Inside Iris Apfel’s (Many) Closets
Age, fashion and wisdom fuel the late great filmmaker Albert Maysles’ documentary, “Iris,” a loving homage to Iris Apfel, the inimitable 94-year-old empress of style and chutzpah. Philosophically embellishing the subtext of fighting the clock while continuing to astound and surprise, Iris Apfel — in a sequence in which she is stacking so much jewelry shoulder to wrists that not a smidgen of skin can be seen — dishes a geyser of advice and credits her sense of style to her mother who “worshipped at the altar of accessories.”
I first encountered icon Apfel at the 2005 eye-popping “Rara Avis” [Iris Apfel, Rare Bird of Fashion] exhibition at The Metropolitan Museum of Art which showcased her eclectic collection of spectacular massive necklaces and bracelets and wondrous wardrobe — garments she had collected during her years of world-wide travels with her husband Carl. Together they founded Old World Weavers, a unique textile firm specializing in antique fabrics and from 1948 to 1992 helped restore the fabrics of most major museum collections and were involved in White House restoration projects for nine presidents.
Got to chat with her again in June 2011 at the “Spirit of Achievement” Luncheon of the Women’s Division of Yeshiva University’s Albert Einstein College of Medicine at which Apfel in a stunning black ensemble, her signature oversize owl glasses, and weighty multi strand black necklace mused: “I’ve become an overnight success after 70 years — a geriatric princess… I don’t fret about advancing age. The alternative is depressing.”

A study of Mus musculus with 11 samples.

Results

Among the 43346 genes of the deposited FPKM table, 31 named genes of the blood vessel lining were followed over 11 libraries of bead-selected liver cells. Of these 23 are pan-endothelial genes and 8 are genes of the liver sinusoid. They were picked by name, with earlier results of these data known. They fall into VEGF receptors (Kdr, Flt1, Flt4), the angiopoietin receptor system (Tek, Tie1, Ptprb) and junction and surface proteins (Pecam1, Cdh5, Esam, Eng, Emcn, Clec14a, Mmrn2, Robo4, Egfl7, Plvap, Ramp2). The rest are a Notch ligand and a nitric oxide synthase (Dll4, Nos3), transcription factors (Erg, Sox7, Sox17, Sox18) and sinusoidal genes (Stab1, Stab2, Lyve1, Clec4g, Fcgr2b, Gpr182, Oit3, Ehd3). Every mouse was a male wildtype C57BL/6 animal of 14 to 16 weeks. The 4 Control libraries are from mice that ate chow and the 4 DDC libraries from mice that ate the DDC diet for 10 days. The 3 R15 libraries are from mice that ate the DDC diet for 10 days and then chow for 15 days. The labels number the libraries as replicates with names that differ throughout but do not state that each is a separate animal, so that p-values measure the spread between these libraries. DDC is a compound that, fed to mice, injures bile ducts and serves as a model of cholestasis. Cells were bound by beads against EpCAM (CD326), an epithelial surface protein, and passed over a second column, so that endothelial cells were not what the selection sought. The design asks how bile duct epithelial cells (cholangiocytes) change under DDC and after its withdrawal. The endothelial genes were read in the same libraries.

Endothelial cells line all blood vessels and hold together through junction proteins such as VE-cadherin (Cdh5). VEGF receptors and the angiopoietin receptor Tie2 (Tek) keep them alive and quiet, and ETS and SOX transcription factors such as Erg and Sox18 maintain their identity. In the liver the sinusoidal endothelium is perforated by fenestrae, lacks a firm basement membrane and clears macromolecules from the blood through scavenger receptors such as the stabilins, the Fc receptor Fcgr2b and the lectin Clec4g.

The film shadows Apfel on her shopping safaris to buy — and bargain for — accessories. It shows her 100-year-old beloved husband Carl, joshing: “That’s where my money goes — to buy my baby clothes.” As Iris tries on “stuff” for an Apfel window display montage at Bergdorf Goodman, she proclaims: “In the ‘40’s I was the first woman to wear jeans.” Disparaging current crop of designers she blurts out: “They don’t sew! They don’t drape! They are media freaks—no sense of history… curiosity.”
Among her many “hats,” a visiting professor at the University of Texas, she admits: “ I never had children…you can’t have everything. I could not abide my child being raised by a nanny.” Still, she exhibits a childlike sense of wonder. As you cut through the avalanche of joie de jewelry chatter about accessories there’s the burden of the massive amount of “stuff” that they have accumulated. And throughout, there is the drumbeat of “keeping busy.” As long as she is busy and “still vertical” she’s content.
Surveying a huge storage facility with shelves and racks of “stuff” being packed up, she laments not having the “courage” to part with her and Carl’s years’ long collections earlier. Each item has a history, and, just as suddenly, 94-year-old Apfel perks up and is enroute to her next project, challenge. This celebration of life and wardrobe opens April 29th.